RIAU - My two Straits Times colleagues and I were taking some photos when we were briefly stopped by a plantation owner who was worried that we would put his company in a bad light.
Even after we explained why we were there, he ejected us from his plantation - the first time I had come across such nasty behaviour in the several years that I had been covering haze-related stories in Indonesia.
"Who let them in?" the plantation owner in Pelintung, about a 20-minute drive from Dumai, asked his men.
"Tell him I am firing him," the owner of Ayu oil palm plantation company snapped after one of his men mentioned a name.
His foul mood could have been due partly to the fact that the Indonesian government has been cracking down on those who use slash-and-burn methods to clear their land. This can cause fires to spread uncontrollably.
Environment Minister Balthasar Kambuaya has said that those who resort to illegal open-air burning should be jailed.
Indonesia is under mounting pressure from Malaysia and Singapore, which have been badly affected by the haze and whose governments have raised the issue with Jakarta.
Residents here complain about smoke-related ailments like shortness of breath and chest pains.
Mr Harun, 54, a plantation gatekeeper who goes by only one name, said this year's haze is the worst since he started working here five years ago.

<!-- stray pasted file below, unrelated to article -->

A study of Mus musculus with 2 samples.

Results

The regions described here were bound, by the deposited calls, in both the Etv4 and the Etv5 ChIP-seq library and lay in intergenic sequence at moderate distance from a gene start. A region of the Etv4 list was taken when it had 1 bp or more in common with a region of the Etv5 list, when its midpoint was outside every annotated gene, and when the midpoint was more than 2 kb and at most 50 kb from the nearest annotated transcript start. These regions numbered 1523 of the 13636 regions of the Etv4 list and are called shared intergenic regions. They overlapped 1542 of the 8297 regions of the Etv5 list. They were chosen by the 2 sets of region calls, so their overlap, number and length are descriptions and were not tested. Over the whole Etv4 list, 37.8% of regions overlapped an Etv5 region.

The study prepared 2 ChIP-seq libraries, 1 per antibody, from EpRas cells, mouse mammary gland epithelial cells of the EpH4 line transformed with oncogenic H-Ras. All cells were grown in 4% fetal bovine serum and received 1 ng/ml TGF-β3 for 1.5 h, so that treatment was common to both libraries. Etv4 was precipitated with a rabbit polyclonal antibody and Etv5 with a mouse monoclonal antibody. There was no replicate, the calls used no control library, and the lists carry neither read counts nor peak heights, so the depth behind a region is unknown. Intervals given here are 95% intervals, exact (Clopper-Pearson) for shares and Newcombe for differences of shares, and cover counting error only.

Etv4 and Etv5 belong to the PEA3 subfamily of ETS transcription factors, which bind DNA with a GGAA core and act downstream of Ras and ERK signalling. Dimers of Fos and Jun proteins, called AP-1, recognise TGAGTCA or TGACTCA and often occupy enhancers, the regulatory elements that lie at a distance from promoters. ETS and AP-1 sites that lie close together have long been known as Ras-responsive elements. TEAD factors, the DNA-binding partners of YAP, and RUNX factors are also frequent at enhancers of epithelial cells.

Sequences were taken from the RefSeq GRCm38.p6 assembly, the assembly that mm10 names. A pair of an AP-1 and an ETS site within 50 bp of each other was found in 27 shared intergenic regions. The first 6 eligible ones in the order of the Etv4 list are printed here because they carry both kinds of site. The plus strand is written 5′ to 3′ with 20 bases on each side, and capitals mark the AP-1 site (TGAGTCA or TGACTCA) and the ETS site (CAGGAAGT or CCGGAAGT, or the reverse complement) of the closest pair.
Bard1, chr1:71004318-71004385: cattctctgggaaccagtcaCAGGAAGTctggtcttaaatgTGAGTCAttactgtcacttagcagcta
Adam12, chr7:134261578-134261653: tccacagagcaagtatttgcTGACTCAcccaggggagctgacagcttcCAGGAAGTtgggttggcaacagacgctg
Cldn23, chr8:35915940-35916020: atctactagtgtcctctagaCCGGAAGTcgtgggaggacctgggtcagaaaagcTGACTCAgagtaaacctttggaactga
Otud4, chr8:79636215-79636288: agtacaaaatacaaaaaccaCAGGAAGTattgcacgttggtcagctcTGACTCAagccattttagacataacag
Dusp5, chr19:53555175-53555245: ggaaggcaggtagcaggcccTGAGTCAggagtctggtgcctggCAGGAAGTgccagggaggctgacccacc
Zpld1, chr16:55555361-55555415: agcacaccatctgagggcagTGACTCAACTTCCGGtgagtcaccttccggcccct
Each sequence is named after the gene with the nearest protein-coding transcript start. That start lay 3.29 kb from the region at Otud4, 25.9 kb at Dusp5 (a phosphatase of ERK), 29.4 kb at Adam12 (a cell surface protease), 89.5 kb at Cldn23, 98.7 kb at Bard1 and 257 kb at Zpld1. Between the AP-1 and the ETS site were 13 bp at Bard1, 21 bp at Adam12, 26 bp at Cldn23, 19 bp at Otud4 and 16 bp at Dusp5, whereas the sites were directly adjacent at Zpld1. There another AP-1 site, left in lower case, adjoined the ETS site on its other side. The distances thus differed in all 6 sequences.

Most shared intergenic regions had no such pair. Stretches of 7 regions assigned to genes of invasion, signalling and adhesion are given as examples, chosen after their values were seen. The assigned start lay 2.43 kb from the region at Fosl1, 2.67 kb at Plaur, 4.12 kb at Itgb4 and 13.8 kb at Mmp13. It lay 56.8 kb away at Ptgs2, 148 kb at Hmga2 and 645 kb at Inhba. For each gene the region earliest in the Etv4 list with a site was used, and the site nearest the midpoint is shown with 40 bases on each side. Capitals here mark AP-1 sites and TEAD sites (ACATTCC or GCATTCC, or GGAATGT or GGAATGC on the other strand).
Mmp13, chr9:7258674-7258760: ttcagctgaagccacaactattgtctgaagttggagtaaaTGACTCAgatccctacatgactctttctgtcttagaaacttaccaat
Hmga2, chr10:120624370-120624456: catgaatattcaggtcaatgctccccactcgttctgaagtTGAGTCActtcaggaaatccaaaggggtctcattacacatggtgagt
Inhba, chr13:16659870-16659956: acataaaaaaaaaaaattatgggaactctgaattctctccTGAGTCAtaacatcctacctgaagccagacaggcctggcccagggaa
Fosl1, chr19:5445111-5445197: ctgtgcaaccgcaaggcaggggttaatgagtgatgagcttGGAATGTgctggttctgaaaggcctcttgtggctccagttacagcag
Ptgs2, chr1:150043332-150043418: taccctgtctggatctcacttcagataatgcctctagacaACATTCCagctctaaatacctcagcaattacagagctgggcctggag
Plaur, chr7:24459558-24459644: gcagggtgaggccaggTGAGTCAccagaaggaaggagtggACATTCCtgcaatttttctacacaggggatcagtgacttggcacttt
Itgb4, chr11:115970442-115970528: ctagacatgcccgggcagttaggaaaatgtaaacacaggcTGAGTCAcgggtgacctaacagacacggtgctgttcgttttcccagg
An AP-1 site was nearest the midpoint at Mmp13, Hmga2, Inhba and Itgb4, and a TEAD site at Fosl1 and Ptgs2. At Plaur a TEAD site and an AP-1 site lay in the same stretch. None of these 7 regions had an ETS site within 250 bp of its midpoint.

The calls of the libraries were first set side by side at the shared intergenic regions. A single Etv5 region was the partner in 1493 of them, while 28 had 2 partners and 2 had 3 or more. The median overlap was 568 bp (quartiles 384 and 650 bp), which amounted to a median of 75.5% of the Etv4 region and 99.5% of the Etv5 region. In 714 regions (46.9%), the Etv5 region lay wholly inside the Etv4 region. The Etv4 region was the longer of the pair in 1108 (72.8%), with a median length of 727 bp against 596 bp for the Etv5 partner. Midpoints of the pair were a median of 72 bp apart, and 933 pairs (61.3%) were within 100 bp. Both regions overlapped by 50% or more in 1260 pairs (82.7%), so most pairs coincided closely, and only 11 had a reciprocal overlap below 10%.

"Fire came from the west a few days ago and from the north-west before that. It felt like doomsday as the smoke shrouded us," he told The Straits Times.
Ayu and at least five other plantation companies in Dumai, and more than a dozen others in nearby districts, have been struggling to put out the fires, which their owners insisted were not started on their land.
A mix of small plots belonging to local farmers and larger plantations owned by companies are found in these areas. Oil palm is the main crop.
In 2011, President Susilo Bambang Yudhoyono issued a regulation requiring local governments and private companies with firefighting equipment to help put out any fire, according to Mr Raffles Panjaitan, a Forestry Ministry official.
"Previously, whenever there was a fire, people would turn to the Forestry Ministry for help. Now, everyone must get involved, and we are getting tougher. It is everybody's task... because only 20 per cent are forest fires, while the remainder are in plantations," Mr Raffles told The Straits Times.